A true fact: I am a bad friend to many of my fellow independent authors. Why is that? Because I am horrible about reading stuff on my Kindle, and the majority of us publish our work as ebooks. The fact that my own books are not yet available in print has not changed this behavior. Now, for what it’s worth, I’m generally pretty good about buying people’s books– I’m just godawful about reading them, which I think many ebook authors would argue is sorta the point.
I am, furthermore (and this puts me into “bad person” territory as opposed to “idiosyncratic about technology”) somewhat paranoid about Amazon and their Evil Algorithms, and some of y’all have reviewed my books over there– which, grossly, means that I’m less likely to review yours, because I’m worried that Amazon is going to pull both of our reviews once they realize what has happened.
But! I told myself that I was bringing my Kindle, and only my Kindle, with me on the trip to Michigan this weekend, and I read me a mess of ebooks over the weekend. So expect there to be several reviews here over the next week or so, as I process what I’ve read and talk about it.
So. Yeah. That’s a long intro into what’s actually going to be a fairly short review: you should go grab Shay Ray Stevens’ The Me You See from Amazon right now, and you should read it, and you will enjoy it, and I’m really tempted to not tell you much more than that, because to tell you much more is going to be tricky if I’m not going to spoil anything. (You should also follow Shay Ray on Twitter, because she’s entertaining.)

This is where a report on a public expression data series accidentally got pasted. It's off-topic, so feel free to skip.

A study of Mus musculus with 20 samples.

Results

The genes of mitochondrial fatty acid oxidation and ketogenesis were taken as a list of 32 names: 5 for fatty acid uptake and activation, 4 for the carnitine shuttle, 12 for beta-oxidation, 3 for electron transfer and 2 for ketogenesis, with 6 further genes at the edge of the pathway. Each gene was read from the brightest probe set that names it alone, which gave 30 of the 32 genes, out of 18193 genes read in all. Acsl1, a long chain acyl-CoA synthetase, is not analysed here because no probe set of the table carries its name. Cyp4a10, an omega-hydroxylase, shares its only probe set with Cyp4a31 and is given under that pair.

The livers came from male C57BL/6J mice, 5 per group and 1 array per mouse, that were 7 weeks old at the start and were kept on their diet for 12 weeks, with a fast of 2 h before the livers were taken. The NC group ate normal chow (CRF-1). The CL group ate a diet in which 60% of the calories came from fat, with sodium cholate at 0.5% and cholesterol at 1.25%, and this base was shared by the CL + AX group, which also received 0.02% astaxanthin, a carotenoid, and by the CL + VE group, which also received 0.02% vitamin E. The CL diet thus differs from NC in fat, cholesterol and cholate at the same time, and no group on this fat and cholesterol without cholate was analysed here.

Here’s the premise– it’s pretty simple. The main character dies in a hail of gunfire on literally the first page of the book. It’s too early for that to even be a spoiler. And the entire rest of the book, chapter by chapter, is different people from her life talking about her.
Like I said, simple, right? But Stevens’ fine grasp (grasp, WordPress, not grapes, jeez) of characterization and dialogue and a nicely unfolding sense of mystery as we get deeper and deeper into everyone’s different understandings of seventeen-year-old Stefia made the book literally impossible to put down. I read this in one sitting. Now, granted, I was in a car, and I wasn’t driving, so it wasn’t like I was going anywhere. But still.
There is a twist at the end. You may or may not see it coming. I didn’t. It will floor you if you don’t. I was halfway through the book when I Tweeted at Shay Ray that the book was “totally fucked up in the most strange and wonderful way,” and you’re just going to have to believe that that is very much a compliment and that the feeling did not go away by the time I finished the book.
The Me You See is the first entry on my shortlist for Best Books of 2015, and I just– as in literally right now– ordered a print copy, because this belongs on my shelves. Go. Read.